Sometimes, everything seems to be on fire. Literally, as with the fires in Australia, Brazil and California, but also figuratively, with the global pandemic, climate change and violent conflicts everywhere. Who, or what, will save us from all of this?
Option 1: Technology
The idea is simple: With future technology, we may be able to maintain our first-world lifestyle, expand it even, while avoiding the long list of negative externalities this lifestyle so far causes.
To a certain degree this is definitely true, particularly when it comes to energy generation and resource extraction. Unfortunately, technology also exponentially increases our destructive potential, for example. through weapons of war.
The principle of Mutually Assured Destruction (MAD) may have saved us during the cold war, but it may not do so in the future – especially in the realm of cyber warfare. Ultimately, technology does hold a lot of potential. But this potential goes in every direction, and so it doesn’t hold up as a savior to count on.
Option 2: Economics
The core claim of capitalism is that if we leave the economy alone, everything will sort itself out. People will only buy what they believe in, so only good products and companies survive while the bad ones disappear. This is 100% true.
But this does not mean that it can save us from the challenges of our time. While growth and wealth creation are powerful factors in preventing conflicts and increasing well-being, the question is: How do we define “good”?
To most of us, “good” means convenient, without any regard for negative externalities that do not affect us with absolute immediacy – also because there is simply no time to exhaustively research everything we buy.
But even if we try to include social, ecological, and other factors in our purchasing decisions, the absence of regulations enforces moral hazard. I say ”enforce”, because higher standards are expensive, and if there is no requirement to abide by them then doing so anyway will diminish a market player’s competitive advantage and simply push that player out of the market. Especially if that player could simply lie instead.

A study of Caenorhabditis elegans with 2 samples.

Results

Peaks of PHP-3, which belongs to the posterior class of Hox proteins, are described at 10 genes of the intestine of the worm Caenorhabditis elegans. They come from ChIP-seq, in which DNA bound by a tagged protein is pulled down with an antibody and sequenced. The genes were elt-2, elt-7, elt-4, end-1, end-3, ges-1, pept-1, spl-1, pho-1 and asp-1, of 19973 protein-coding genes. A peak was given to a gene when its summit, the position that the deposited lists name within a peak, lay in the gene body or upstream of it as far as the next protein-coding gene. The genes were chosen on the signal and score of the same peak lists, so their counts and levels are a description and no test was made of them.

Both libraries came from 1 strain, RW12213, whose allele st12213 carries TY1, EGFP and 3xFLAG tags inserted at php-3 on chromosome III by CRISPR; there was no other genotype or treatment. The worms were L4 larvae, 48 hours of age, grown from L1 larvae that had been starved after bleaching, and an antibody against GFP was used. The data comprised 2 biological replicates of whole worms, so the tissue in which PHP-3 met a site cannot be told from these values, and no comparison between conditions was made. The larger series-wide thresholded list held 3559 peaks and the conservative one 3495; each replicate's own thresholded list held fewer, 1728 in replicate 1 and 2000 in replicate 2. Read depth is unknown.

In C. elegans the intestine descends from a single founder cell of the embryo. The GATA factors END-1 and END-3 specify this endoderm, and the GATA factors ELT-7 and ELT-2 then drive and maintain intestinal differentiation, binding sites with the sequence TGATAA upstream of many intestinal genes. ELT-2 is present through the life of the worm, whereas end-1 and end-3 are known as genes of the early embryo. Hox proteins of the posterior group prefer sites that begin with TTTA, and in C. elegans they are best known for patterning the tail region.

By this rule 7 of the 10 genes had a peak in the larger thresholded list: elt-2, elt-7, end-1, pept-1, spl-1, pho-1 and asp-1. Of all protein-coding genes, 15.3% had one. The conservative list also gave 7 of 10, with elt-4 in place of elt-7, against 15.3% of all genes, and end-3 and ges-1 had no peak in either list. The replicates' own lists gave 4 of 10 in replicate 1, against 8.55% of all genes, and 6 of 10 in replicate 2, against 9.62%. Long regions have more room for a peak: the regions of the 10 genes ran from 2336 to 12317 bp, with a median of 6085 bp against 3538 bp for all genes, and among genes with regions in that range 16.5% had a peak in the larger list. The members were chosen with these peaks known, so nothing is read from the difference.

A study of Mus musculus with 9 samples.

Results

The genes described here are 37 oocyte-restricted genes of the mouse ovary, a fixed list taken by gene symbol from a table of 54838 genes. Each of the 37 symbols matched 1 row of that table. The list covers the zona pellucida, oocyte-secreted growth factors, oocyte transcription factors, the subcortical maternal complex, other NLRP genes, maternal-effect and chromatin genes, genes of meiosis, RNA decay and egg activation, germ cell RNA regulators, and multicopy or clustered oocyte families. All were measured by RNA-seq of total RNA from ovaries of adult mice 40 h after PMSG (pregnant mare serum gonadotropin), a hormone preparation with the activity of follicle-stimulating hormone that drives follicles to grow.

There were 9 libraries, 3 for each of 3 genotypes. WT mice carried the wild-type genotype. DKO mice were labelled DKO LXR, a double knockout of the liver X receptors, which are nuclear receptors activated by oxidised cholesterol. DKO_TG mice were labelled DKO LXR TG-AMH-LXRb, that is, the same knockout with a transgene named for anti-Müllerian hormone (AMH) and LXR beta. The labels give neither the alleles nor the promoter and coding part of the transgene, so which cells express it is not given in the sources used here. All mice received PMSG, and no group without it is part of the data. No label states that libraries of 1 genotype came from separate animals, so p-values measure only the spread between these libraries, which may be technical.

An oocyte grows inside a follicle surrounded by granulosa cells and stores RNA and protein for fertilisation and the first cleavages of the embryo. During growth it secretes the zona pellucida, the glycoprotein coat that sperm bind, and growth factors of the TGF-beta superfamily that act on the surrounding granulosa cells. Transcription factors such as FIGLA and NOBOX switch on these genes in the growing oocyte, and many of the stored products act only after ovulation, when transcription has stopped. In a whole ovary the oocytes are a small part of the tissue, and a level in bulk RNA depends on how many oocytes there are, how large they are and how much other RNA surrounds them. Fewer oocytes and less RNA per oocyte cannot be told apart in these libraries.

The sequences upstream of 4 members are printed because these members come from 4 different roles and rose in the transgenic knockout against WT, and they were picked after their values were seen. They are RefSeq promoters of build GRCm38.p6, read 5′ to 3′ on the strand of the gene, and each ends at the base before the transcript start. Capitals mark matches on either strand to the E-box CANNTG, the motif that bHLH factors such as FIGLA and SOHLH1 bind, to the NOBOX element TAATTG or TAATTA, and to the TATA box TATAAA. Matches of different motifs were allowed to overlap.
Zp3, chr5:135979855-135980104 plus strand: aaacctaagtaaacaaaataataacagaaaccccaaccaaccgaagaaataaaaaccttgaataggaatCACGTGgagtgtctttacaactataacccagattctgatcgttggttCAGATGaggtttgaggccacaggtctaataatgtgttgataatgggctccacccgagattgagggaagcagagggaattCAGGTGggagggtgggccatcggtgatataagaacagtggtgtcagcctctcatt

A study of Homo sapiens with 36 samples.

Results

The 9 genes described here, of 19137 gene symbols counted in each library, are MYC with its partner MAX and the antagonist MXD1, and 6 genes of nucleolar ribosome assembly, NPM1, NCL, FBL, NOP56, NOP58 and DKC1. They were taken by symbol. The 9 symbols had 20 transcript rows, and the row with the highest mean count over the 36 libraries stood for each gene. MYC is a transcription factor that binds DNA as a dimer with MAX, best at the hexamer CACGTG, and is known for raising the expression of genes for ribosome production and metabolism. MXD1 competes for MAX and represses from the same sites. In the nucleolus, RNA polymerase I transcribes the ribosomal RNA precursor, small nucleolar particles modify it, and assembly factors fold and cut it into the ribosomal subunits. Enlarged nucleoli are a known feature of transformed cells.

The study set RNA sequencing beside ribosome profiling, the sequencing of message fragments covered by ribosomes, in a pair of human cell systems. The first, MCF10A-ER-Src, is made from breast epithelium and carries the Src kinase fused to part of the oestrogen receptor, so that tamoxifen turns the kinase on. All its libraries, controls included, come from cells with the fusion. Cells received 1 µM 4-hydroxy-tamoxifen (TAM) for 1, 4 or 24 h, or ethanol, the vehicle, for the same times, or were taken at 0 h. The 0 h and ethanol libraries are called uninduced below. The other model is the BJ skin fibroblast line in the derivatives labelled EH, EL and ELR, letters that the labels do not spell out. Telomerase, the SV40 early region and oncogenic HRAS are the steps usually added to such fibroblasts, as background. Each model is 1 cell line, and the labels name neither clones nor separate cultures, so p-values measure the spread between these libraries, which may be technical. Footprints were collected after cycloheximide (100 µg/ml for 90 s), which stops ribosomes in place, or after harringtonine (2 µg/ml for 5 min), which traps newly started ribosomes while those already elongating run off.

So, regulations are needed for economics to be a viable solution, but for these rules to be effective they need to be established outside of economics itself – which means economics cannot be the answer.
Option 3: Politics
Politics gets a bad rep these days, and for good reason. But it is important to remember that politics is what we do to find a consensus in society on every level. Politics decide who gets power, where resources are invested and which direction we develop in.
At its best, politics makes sure that all interest groups are represented according to their significance and ensures that no part of society gets marginalized.
So far, democracy has proven to be the best way to achieve this type of politics. The only caveat here is that a functioning democracy requires transparency, education, and a functioning social system.
Transparency ensures all the information is out there, through education people are empowered to make informed choices and with a functioning social system, people are less susceptible to situations where they need to vote against their best interest.
But since no democracy is perfect, it is always under threat of populism, tribalism and a ton of other “-isms”. Because of this, politics always seems to turn into a race to the bottom eventually.
Option 4: Personal growth
All these options have the same root: Individuals.
Individuals come up with technology, build the economy and establish social systems and hierarchies. What do these individuals want? What are their goals and agendas and where do they come from?
To be fair, there are two types of individuals in this world. One is the type who is mainly concerned with survival, every day. Whether in slums or conflict zones around the world, most of us belong in this category.
The second type includes individuals like me, who have no reason to worry about survival and are thus free to spend their days worrying about different things. It is this type of individuals who decide how things go in the world. It is this type, whose desires shape the direction of technology, society, and the economy.
What do we do with that power? I say, we have a duty to use this power to look at ourselves. Who really are we? What do we really want? Only by doing this can we see through the superficialities of power and wealth, overcome our default settings as sophisticated apes and continue to evolve with, rather than against, life in the universe.
It is not easy, of course. There are millions of possible answers to these questions. Personal growth means not simply copying one of these answers, but finding our own – and saving ourselves in doing so.
As a note to end on, this is why Micah and I are doing what we do. The retreats, the tiny house, the online course I’ve had in my head for a while now – they are our answers to these questions. It just so happens that they include the ambition to hopefully inspire others to find their answers, too.